On 3 June – only days after he vowed not to step down or make further concessions – Yemen’s President Ali Abdullah Saleh was seriously wounded in an attack on the presidential palace and flown to Riyadh for medical treatment. If he does not return by early August, the constitution provides for fresh elections to be held. To a considerable extent, therefore, Yemen’s fate now lies in the hands of Saudi Arabia.
The Saudis, within the framework of the Gulf Cooperation Council, have tried to broker a transition plan in Yemen before – to no avail. With Saleh now under Saudi authority and no longer on the political scene, their room for maneuver behind the scenes has greatly increased. Sure — cutting a deal between an increasingly fragmented opposition and an embattled administration remains extremely difficult. But Saudi Arabia has every reason to throw its weight behind negotiations for a peaceful power transition.
Saudi Arabia has a long history of migratory, economic and political involvement in Yemen and shares with it its longest and most problematic border. Yemen has long been a frail and fractious political entity, and this crisis may give the various factions (the Northern ‘Houthi’ rebels, Southern separatists, the tribes) the opportunity to advance their own agendas and further undermine the establishment.
The political or territorial disintegration of Yemen would not only destabilize the region but enormously benefit Al-Qaeda in the Arabian Peninsula — a merger between the Yemeni and Saudi branches that still views the Saudi kingdom as a target. Saudi Arabia will also fear that political developments in Yemen could spread across the border. Ironically, Western governments now find themselves in an all too familiar position: relying on one authoritarian regime to deal with the mess caused by another.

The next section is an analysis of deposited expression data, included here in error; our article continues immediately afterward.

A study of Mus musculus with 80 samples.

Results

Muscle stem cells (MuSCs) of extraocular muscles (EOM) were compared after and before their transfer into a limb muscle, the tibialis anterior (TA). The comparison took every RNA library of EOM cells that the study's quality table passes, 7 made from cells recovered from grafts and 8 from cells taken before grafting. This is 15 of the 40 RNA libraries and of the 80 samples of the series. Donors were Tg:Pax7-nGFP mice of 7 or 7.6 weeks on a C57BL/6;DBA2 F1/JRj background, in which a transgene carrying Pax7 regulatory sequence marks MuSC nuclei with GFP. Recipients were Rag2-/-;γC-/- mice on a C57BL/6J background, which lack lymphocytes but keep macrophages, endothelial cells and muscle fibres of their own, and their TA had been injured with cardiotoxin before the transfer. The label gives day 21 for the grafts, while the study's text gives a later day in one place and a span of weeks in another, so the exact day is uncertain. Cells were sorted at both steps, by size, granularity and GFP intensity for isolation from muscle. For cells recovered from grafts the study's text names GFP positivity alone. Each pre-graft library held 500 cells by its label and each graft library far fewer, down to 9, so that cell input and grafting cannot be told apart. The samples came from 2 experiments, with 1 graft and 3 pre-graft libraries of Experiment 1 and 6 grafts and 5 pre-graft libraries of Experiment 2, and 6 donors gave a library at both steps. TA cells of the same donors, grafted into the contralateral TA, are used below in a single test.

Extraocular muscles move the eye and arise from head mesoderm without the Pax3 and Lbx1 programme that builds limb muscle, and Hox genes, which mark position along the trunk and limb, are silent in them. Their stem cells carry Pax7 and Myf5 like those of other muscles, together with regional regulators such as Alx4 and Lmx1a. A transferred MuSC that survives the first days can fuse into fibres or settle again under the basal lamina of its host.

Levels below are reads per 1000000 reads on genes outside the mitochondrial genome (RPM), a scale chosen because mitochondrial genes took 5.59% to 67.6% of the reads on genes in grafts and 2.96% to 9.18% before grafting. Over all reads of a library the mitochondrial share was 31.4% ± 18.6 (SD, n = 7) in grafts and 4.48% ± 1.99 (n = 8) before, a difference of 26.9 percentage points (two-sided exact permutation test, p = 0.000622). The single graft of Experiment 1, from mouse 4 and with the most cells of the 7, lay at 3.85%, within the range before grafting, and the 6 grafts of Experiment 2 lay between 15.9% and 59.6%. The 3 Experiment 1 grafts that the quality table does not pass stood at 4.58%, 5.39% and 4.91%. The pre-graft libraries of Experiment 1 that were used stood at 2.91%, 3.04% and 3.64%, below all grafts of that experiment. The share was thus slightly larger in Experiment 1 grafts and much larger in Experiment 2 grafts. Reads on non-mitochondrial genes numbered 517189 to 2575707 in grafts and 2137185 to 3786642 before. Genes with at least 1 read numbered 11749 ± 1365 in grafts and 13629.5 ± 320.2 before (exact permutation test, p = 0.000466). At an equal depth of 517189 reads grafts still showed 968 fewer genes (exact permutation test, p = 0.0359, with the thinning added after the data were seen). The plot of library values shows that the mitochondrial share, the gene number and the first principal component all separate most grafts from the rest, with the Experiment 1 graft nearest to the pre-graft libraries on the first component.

Economically speaking, Yemen is insignificant to Saudi Arabia:
|Political and civil rights
Saudi authorities are even more repressive than Saleh’s regime:
Yemen, Saudi Arabia and the Gulf States
Elite Politics, Street Protests and Regional Diplomacy
This Chatham House paper examines the present and future role of Saudi Arabia and other Gulf Cooperation Council states with regard to Yemen. It analyzes the limitations of Saudi Arabia’s foreign policy-making machinery and describes the changing nature of its extensive transnational patronage networks.
|A map of the region
A 2000 border settlement resolved the political dispute over the border between Saudi Arabia and Yemen.
Our partner Gulf Research Center (GRC) offers research on political, economic, social and security issues related to the Gulf Cooperation Council countries.